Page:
How Can Depression Cause Physical Pain?

How Can Depression Cause Physical Pain?

You have frequent headaches and body pain and seem weak at inopportune times. You’ve also noticed sleeping and eating problems have become a regular fixture in your life, and even small tasks demand supreme effort. What’s going on? Your pain and other symptoms may be caused by depression.

What is Depression?

Depression is one of the biggest medical issues in America. It’s a mood disorder that triggers persistent feelings of sadness and a lack of interest in things you used to enjoy doing. Also known as clinical depression or major depressive disorder, it interferes with how you feel, thought processes, and behavior and has been linked to many emotional and physical problems and their resulting pain. Thankfully, the symptoms of depression and pain can be treated concurrently, often with ketamine therapy.

Chemical imbalances in the brain have long been suspected as a primary cause of depression, but the disease is more complex than that. Research tells us that depression doesn’t arise from too much or too little of specific brain chemicals but rather from a multitude of causes – like faulty mood regulation in the brain, genetic weakness, and stressful things in your life. Several of these ingredients intermix and result in depression. Chemicals are involved, but they’re part of a larger dynamic system that could contribute to mental health issues.

Symptoms of depression may include:

  • Feelings of emptiness or hopelessness
  • Anger, irritability, or frustration
  • Problems sleeping
  • Tiredness and low energy
  • Problems eating resulting in weight loss or weight gain
  • Anxiety, agitation, or restlessness
  • Slowed thinking, speech, or bodily movements
  • You may feel worthless or guilty, obsessing over earlier failures or self-blame
  • Problems thinking, concentrating, decision making, and memory
  • Preoccupation with death, suicide, suicidal ideation, or suicide attempts
  • Mysterious physical ailments, like back pain or headaches

Several risk factors can play a role in depression:

  • Biochemistry or differences in specific chemicals in your brain may contribute to depression symptoms.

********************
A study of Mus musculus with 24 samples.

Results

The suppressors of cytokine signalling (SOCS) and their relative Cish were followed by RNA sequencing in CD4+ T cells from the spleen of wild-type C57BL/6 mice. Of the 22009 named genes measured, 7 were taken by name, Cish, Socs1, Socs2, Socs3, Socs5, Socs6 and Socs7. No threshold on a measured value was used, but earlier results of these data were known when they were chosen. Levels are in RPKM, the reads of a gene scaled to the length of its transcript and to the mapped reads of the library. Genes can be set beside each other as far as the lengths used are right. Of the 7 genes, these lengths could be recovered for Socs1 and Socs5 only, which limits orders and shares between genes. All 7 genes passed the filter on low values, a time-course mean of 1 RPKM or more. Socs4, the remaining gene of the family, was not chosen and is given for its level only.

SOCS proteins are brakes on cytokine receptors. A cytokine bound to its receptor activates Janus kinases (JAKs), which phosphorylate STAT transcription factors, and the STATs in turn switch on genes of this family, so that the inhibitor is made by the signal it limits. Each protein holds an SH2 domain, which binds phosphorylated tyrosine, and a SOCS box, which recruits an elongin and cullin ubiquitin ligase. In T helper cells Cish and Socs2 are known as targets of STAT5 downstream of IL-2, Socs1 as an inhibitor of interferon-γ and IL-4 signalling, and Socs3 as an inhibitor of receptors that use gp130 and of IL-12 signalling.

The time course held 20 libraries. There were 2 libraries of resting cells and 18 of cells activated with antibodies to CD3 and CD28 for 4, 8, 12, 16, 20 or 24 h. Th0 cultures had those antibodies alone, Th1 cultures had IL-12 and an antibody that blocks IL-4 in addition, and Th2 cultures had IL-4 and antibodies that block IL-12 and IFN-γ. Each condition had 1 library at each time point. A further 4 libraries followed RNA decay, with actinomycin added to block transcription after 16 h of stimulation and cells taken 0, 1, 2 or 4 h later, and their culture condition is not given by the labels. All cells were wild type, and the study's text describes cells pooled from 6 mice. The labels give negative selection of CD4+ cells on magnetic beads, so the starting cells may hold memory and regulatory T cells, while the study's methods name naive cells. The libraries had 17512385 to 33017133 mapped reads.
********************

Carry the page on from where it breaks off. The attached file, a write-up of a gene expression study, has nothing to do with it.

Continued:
• Depression tends to run in families, so your genetics play a role. If you have a biological relative with depression, you’re at greater risk of having it sometime in your life.
  • Someone with low self-esteem, who’s easily overcome by stress, or is mostly pessimistic may be more likely to have depression.
  • Environmental factors.

Depression and Physical Pain

Pain and depression are inextricably linked. Depression can trigger pain, and pain can trigger depression. The presence of both can create a malicious cycle where the pain makes depression symptoms worse, and then the following depression amplifies feelings of pain. For many people, mysterious physical symptoms like back pain or headaches can be triggered by depression, and these may be their initial or the only sign that something’s wrong.

Pain and its resultant problems can wear you down overall and affect your mood, with chronic pain suspected of creating many problems resulting in depression, like problems sleeping and stress.

Someone with physical pain may experience low self-esteem due to employment or money problems or be restricted from doing the social activities and hobbies they always enjoyed. But depression doesn’t just happen because of an injury –it’s also common in someone whose pain can be traced to a health condition like diabetes, cancer, or heart disease.

The scientific connection between the two is well known, and symptoms of both should be treated concurrently to achieve remission, as documented by the U.S. National Institutes of Health. This is because both are influenced by serotonin and norepinephrine, with research showing that a positive outcome of depression remission could be linked to the lowering of painful physical symptoms. While many people can see a significant response to treatment, lingering symptoms may put them at greater risk for future relapse. The report underlines the importance of a treatment plan that addresses physical symptoms and core emotional symptoms for best, long-term results.

Diagnosis & Treatment

If you have pain and low moods, the first step in getting better is seeing a healthcare professional for diagnosis and learning about possible treatment options. A medical doctor will perform a thorough physical examination to look for an underlying cause for your pain and treat it accordingly. You may also be referred to a mental health specialist for a psychiatric evaluation. The goal is to determine if thoughts, feelings, personal or family medical history, behavior, and other triggers are causing depression. In some cases, physical pain and depression symptoms can be treated concurrently with psychotherapy, self-help, diet or exercise, or ketamine infusion therapy.